There have been rumours going the rounds for some weeks now that Richard Desmond is “considering his options” on the future of his print titles – that’s the Express and Star newspapers and OK! Magazine, for starters. All are apparently profitable, despite the steady loss of readership, but if today’s Maily Telegraph is to be believed, Desmond is talking to the owners of the Daily Mail about a merger.On the face of it, this looks far-fetched: the Daily Mail left the Express behind in the circulation war long ago, and now outsells it by well over three to one. The Daily Star titles are so downmarket that they would fit better with the Super Soaraway Currant Bun, but then, Rupe and Junior’s top tab is also well out of sight in the sales stakes.
What future for the Westferry presses?
But Desmond, as CJ might have reminded Reggie Perrin, did not get where he is today without knowing when the time was right to sell up and move on. The Express and Star may be profitable, but this has come at the price of cutting staff to a level where, as Richard Peppiatt revealed when he very publicly resigned from the paper recently, the Star now has only one staff reporter outside London.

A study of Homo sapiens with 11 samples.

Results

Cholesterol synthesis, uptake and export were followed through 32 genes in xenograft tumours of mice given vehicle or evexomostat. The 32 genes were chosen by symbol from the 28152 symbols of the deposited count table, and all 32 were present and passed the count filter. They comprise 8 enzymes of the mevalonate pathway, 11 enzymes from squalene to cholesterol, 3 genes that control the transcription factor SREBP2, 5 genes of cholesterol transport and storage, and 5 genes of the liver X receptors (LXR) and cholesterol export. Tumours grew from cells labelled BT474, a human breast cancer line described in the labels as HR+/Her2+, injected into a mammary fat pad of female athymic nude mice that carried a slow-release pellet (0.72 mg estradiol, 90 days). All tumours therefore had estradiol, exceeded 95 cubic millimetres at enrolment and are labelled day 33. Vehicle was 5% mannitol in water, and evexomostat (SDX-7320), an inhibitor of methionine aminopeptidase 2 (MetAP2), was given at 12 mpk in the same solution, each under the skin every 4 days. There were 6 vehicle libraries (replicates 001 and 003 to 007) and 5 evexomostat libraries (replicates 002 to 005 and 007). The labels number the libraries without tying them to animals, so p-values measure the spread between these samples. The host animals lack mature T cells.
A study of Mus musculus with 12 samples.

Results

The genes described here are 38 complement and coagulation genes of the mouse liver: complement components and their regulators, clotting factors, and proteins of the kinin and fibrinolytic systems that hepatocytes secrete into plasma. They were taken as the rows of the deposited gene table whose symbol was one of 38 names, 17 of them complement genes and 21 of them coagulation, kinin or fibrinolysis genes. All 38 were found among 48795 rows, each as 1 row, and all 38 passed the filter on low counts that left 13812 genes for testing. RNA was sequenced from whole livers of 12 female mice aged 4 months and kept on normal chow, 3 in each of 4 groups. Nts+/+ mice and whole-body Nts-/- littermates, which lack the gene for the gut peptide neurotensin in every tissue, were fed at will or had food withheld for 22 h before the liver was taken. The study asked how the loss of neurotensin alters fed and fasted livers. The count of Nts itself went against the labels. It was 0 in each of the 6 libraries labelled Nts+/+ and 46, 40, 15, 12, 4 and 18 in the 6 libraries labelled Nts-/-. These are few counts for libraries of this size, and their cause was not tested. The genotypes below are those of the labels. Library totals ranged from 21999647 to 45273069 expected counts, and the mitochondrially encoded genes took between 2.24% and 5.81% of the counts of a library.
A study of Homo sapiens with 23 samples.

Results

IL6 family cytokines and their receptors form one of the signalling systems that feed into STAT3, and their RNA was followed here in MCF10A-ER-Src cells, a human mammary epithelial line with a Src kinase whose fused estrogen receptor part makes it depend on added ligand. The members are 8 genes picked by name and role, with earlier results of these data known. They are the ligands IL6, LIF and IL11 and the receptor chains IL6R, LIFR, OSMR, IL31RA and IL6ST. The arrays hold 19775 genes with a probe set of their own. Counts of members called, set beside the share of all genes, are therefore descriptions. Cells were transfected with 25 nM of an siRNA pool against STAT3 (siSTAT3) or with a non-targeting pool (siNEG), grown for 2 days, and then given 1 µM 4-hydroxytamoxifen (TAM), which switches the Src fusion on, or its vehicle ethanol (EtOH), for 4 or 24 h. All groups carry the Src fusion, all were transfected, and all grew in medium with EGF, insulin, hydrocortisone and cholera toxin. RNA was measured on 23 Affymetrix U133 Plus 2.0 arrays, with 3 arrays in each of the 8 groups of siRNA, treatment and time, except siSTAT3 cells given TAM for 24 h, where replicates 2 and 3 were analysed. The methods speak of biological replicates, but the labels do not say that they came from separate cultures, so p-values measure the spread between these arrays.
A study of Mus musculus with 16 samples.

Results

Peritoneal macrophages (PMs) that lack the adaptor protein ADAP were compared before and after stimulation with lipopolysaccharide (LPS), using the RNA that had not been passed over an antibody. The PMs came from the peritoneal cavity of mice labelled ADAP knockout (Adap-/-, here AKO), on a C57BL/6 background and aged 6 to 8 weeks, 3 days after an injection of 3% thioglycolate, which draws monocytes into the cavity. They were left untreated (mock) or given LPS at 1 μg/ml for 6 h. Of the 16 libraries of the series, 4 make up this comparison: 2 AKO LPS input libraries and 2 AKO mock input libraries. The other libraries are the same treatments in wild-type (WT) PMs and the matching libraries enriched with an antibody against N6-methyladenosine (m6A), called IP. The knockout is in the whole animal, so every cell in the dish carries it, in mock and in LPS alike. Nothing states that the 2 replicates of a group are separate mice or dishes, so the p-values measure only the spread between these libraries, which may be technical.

Moreover, as this blog has shown, much of the Express’ content comes from the previous day’s editions of other papers. Much also comes from reheated press releases, or depends on rent-a-quote lobby groups and politicians. The amount of advertising on the Express website has reached saturation – and maybe desperation – point.
The last straw for Desmond may be the potential perfect storm: falling circulation, falling advertising revenues, and the end of the road for cutting staff costs. It’s possible that the last of these has already occurred, and advertising income will surely fall as circulation declines.
And, as I noted the other day, the Daily Express lost 7.33% of readers in the year to February 2011, with the Daily Star losing a more worrying 10.62%. Worst of all was the loss of sales by OK! Magazine in the second half of 2010 – 23.4%. Desmond may have done his sums and concluded that he would be best to get out while the going is still good.If Des really is getting out of the newspaper business, look for the Express titles to go first and be swallowed up by the Mail, with the Daily Star ones remaining for a few months longer before either Sun or Mirror takes them on. And the hacks? As if Des will be fussed: there’s only one beneficiary where he’s concerned.